Nanook is offline Nanook  Canada

Thanks Cal. You do have a way of making me feel better...

Chris, I agree. For me there is a limit to the amount of bass I need to have a musical experience. And not all rooms can support extended deep bass.
Pano, Rullknufs, and tuxedocivic: well if the single fullrange driver is not subject to a crossover, and the woofer has its own power and bandstop (as in active amplified sub-woofer) and the tweeter uses a bandstop only...and on and on.
Originally Posted by Nanook View Post
Single driver fullrange (definition): "a wideband driver that may or not be assisted by the inclusion of a tweeter or woofer or both (although they need not be) and most often used without a crossover (or a very minimalist one only at the frequency extremes if assisted)."
I made a proposal like this at Audio Circle and was almost banned. I never posted there again!

Squeak is offline Squeak  Denmark
Originally Posted by Nanook View Post
Squeak: Quite a similar analogy using a different example than Cal's.
Not at all. Cal's examples were products that are jacks of all trades but master of none, or compromises that leaves no one truly happy.

Fullrange speakers are not that at all.
In many uses they are unequaled.
Just as a bike is unequaled for zipping quickly around in a dense, busy town like Copenhagen or Amsterdam.
Both are examples of principles of frugality, less is more, KISS, iki, Occam's razor etc.

Last edited by Squeak; 8th November 2012 at 10:44 PM.
Originally Posted by Nanook View Post
well if the single fullrange driver is not subject to a crossover, and the woofer has its own power and bandstop (as in active amplified sub-woofer) and the tweeter uses a bandstop only...and on and on.
If there are helper drivers, the fullrange driver is subject to an acoustic cross over. Even if there are no passive or electronic filters. On the low end, the box (tuning, sealed box air spring, or lack of a box) high passes, and on the top end, the driver inductance low passes.

It's a 3 way. Not trying to take away from what some people do here. And I "get" it. But in the strictist sense, it's a 3 way.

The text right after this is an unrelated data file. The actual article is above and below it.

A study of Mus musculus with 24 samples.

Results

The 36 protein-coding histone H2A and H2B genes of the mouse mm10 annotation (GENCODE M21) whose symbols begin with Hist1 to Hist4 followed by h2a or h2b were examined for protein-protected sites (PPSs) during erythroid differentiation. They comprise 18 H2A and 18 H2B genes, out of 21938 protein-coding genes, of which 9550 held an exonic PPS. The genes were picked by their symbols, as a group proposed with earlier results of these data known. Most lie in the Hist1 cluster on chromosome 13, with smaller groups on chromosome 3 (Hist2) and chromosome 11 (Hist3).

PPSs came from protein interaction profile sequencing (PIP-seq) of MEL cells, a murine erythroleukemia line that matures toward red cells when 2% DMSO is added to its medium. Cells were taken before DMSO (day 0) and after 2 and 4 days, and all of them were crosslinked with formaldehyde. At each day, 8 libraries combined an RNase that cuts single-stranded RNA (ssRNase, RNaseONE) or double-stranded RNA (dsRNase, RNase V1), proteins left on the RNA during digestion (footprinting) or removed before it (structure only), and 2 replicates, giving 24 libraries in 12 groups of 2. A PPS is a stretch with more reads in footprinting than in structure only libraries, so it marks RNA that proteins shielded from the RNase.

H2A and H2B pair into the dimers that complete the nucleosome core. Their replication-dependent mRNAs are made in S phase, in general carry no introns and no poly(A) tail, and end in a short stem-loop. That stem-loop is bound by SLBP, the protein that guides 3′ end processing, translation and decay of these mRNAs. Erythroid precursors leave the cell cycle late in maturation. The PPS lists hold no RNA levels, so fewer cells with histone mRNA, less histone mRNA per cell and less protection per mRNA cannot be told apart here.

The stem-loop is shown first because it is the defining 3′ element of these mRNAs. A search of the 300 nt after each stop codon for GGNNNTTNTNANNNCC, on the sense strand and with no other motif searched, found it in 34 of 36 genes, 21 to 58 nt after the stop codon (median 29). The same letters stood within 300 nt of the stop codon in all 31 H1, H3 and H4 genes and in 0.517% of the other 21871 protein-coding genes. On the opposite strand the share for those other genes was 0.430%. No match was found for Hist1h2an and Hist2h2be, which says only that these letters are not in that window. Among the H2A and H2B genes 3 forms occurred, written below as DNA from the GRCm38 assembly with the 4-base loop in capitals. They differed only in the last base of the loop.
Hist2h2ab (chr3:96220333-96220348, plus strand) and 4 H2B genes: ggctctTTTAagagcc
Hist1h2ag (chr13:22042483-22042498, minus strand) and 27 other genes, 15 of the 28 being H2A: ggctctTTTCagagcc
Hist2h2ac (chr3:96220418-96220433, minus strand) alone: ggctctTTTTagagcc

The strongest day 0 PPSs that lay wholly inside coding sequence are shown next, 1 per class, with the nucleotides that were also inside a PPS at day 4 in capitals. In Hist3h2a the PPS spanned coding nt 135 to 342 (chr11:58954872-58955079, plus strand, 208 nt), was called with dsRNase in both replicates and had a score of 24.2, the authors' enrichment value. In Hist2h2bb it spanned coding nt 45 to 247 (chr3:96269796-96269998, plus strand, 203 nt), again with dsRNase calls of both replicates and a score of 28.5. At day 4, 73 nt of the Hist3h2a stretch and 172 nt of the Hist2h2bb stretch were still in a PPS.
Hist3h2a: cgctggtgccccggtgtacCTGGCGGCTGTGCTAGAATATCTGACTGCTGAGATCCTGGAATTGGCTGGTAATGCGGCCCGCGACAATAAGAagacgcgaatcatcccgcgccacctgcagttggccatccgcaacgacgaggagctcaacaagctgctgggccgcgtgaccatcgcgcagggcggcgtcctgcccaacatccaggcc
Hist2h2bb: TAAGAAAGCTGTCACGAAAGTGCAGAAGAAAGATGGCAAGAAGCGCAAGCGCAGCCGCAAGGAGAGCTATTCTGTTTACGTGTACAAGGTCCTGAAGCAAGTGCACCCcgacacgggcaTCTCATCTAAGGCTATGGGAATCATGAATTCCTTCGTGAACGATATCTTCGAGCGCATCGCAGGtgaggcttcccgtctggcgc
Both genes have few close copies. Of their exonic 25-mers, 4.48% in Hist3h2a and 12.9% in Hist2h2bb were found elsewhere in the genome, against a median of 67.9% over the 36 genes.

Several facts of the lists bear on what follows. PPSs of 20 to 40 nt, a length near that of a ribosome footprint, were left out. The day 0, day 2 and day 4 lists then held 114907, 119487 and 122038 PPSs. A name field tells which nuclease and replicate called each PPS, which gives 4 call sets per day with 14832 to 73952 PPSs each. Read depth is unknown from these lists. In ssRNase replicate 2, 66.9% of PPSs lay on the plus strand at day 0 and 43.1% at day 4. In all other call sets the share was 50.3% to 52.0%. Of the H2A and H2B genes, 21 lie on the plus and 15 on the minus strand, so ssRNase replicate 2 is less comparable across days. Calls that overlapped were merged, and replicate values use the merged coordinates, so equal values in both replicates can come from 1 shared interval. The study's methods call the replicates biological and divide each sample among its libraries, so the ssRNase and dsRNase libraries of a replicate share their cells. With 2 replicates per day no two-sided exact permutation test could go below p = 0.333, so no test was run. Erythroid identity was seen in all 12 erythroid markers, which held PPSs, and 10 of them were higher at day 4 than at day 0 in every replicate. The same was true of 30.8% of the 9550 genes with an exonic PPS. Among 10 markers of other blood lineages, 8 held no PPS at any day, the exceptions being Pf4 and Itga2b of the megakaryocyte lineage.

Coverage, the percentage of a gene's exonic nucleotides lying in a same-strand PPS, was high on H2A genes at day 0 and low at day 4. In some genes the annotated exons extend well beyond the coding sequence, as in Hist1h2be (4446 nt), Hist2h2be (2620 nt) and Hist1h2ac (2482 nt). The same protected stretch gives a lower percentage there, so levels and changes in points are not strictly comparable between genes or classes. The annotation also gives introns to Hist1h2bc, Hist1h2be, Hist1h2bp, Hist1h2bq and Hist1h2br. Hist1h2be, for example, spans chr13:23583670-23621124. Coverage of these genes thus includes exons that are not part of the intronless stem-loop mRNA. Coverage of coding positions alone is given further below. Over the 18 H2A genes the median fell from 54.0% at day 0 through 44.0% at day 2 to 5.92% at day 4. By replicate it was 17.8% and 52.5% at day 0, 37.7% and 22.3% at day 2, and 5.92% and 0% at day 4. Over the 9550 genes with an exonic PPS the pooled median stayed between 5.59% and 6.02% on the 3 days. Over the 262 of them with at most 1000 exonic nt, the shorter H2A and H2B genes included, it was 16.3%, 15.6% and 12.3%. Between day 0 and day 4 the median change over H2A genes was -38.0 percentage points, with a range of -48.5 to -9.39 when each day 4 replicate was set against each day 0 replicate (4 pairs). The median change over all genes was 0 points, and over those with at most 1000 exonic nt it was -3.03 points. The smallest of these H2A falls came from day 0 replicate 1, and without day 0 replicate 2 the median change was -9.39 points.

I.e., please let me repeat: FULL SPECIFIED frequency range by a SINGLE driver.
Originally Posted by Squeak View Post
Not at all. Cal's examples were products that are jacks of all trades but master of none,
Just like a FR driver
There are many who fit that bill.
Qué?
Just like an All Season tire. You don't want snow tires on a smooth highway and you don't want slicks in the rain. All Season is the best choice for where I drive 10 months of the year.
I.e., please let me repeat: FULL SPECIFIED frequency range by a SINGLE driver.
So your definition would exclude a bipole of two identical drivers? If so, what would that be? It's not a two-way, and there is no crossover, so...
Squeak is offline Squeak  Denmark
Just like an All Season tire. You don't want snow tires on a smooth highway and you don't want slicks in the rain. All Season is the best choice for where I drive 10 months of the year.
Maybe so, but it's still not truly great at anything. That's my point.
All technology to some extent is a compromise and a weighing of factors to achieve the best result.
The best fullrange drivers however, used as single drivers, can truly excel at some types of material and/or in some environments/situations, and be merely adequate for others.
So your definition would exclude a bipole of two identical drivers? If so, what would that be? It's not a two-way, and there is no crossover, so...
No it does not. A SINGLE driver covers THE FULL SPECIFIED range. You can use as many of them as wish, but EACH of them covers THE FULL RANGE. It does not mean that it satisfies all possible tastes and definitions of RANGES. It simply means that thee are no division between drivers in frequency ranges that they reproduce.